A Dream Deferred | HBCU Conference 2024

What’s New in AP?

In front of a packed audience at the A Dream Deferred™ 2024 conference, Jennifer Mulhern, vice president of AP access and implementation, gave two highlights of what’s in store for the near future in AP: more project based learning and more AP Exams going digital.

Attendees at A Dream Deferred

Where We’ve Been and Where We Are Now

Looking back at where the AP Program is now and how it’s arrived there, Mulhern pointed to research showing that taking even one or two AP courses has a positive impact on students’ college success and completion rates (although it’s important to note that research also shows that the concrete benefits of taking AP level off after around five courses). For that reason, the program is using the success of its AP Computer Science Principles course to inform many of the steps it’s taking now to make sure as many students as possible can participate and succeed in AP.

Thanks to the foundational course launched in 2016, more students, including those traditionally underrepresented in STEM fields, are learning and becoming excited about computer science. Mulhern explained that this course has appealed to so many because it’s project based—meaning students build knowledge and skills through investigation of complex, real-world problems—it’s career-relevant, and it gives students the opportunity to develop an app on a topic of their choosing.

Three of the newest AP courses—AP Seminar, AP Precalculus, and AP African American Studies—are similarly designed to broaden access to a more diverse group of students. The AP Program is supporting schools and districts that offer these new courses through free educator demos, professional learning opportunities, course resources for teachers, and customizable templates for teacher, parent, and student communications.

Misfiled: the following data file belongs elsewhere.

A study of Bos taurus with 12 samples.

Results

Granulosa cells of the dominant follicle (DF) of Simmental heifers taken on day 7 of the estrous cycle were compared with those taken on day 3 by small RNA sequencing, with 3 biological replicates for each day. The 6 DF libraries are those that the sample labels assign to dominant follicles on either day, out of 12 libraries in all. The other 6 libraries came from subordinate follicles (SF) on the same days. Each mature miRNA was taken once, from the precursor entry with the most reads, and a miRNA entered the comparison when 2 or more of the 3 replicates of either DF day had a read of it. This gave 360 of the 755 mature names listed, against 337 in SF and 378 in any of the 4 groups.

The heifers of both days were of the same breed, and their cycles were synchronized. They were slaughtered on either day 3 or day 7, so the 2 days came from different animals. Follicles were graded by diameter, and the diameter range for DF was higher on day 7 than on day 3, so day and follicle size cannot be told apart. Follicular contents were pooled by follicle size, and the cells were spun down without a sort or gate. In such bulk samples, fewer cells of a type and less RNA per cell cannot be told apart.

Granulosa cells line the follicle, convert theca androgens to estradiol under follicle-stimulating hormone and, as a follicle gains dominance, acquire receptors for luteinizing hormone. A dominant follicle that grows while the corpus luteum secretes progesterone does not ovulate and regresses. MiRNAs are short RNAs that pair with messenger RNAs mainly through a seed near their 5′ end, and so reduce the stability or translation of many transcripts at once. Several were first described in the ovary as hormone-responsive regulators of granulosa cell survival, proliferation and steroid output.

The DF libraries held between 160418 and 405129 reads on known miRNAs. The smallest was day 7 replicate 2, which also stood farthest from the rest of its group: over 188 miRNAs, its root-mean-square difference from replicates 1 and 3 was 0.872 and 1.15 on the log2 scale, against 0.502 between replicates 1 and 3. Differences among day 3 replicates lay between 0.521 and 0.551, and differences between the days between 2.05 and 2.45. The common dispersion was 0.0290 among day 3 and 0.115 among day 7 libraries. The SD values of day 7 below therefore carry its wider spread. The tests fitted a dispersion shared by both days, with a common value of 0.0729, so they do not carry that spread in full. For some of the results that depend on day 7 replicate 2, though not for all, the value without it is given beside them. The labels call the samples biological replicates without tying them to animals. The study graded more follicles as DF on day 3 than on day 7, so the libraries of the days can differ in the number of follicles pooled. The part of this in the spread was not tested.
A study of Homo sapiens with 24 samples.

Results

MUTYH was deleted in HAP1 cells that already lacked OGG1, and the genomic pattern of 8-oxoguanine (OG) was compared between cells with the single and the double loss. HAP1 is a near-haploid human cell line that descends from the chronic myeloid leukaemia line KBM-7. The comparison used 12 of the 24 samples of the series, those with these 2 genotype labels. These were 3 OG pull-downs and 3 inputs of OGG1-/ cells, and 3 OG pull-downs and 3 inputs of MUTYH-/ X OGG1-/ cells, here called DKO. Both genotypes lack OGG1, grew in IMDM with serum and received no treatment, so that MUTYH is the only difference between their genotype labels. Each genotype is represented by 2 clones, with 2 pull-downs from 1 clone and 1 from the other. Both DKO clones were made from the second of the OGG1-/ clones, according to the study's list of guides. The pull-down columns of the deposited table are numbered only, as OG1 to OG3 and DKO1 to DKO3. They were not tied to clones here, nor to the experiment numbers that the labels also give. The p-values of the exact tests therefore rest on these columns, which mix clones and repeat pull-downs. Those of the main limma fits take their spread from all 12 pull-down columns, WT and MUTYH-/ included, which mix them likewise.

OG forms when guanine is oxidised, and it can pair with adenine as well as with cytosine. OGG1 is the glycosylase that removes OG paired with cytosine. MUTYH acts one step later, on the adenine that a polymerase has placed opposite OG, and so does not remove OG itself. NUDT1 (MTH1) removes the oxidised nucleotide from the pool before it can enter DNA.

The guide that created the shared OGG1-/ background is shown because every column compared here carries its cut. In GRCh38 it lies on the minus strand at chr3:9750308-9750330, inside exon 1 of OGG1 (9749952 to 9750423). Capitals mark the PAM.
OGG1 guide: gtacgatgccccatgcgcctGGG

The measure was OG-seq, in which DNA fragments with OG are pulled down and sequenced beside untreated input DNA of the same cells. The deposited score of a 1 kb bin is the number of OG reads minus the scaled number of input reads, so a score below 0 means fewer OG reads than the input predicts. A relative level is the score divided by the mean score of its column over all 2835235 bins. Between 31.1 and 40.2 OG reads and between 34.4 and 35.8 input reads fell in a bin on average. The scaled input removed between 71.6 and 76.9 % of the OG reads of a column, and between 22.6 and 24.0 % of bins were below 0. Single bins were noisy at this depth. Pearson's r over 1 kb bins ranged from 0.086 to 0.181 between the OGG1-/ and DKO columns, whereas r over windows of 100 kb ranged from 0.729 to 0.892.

What’s Coming: Project Based Learning

Mulhern shared that AP’s fastest-growing courses feature a project component. Findings from Lucas Education Research show that project based learning methods, coupled with professional learning for educators, significantly improve student performance on AP Exams.

Currently, the AP Program supports teachers using projects to provide instruction in AP U.S. Government and Politics and AP Environmental Science and is developing ways to expand this to three additional courses. Meanwhile, AP Exams with project based assessments have gone from 1% in 2013 to 7% of total exam volume in 2023. Seven courses, including AP Computer Science Principles and AP Seminar, use projects as part of a student’s AP Exam, and AP is moving forward with pilots in six additional courses.

What’s Coming: Digital AP Exams

Finally, Mulhern announced that more AP Exams will be moving to digital in the future. Many schools have already transitioned to digital AP testing, administering more than 350,000 digital AP Exams in May 2022 and May 2023. For May 2024 testing, about a third of AP Computer Science Principles and AP Seminar exams will be digital, along with almost a quarter of all AP English and history exams.

Digital AP Exams have the same general format as their previous paper versions. The number of sections, number and type of questions, timing, and weighting isn’t changing for digital exams. Scores will continue to be comparable, regardless of which version of the exam students take. Digital exams are proctored and administered in school on the same schedule as paper exams.

Beginning with the May 2025 exam administrations, these nine AP Exams will go fully digital:

  • AP African American Studies
  • AP Computer Science Principles
  • AP English Language and Composition
  • AP English Literature and Composition
  • AP European History
  • AP Psychology
  • AP Seminar
  • AP U.S. History
  • AP World History: Modern

Each year, AP will announce the exam subjects that will go digital in the next school year, and the official digital exam list for May 2026 will be shared in early 2025.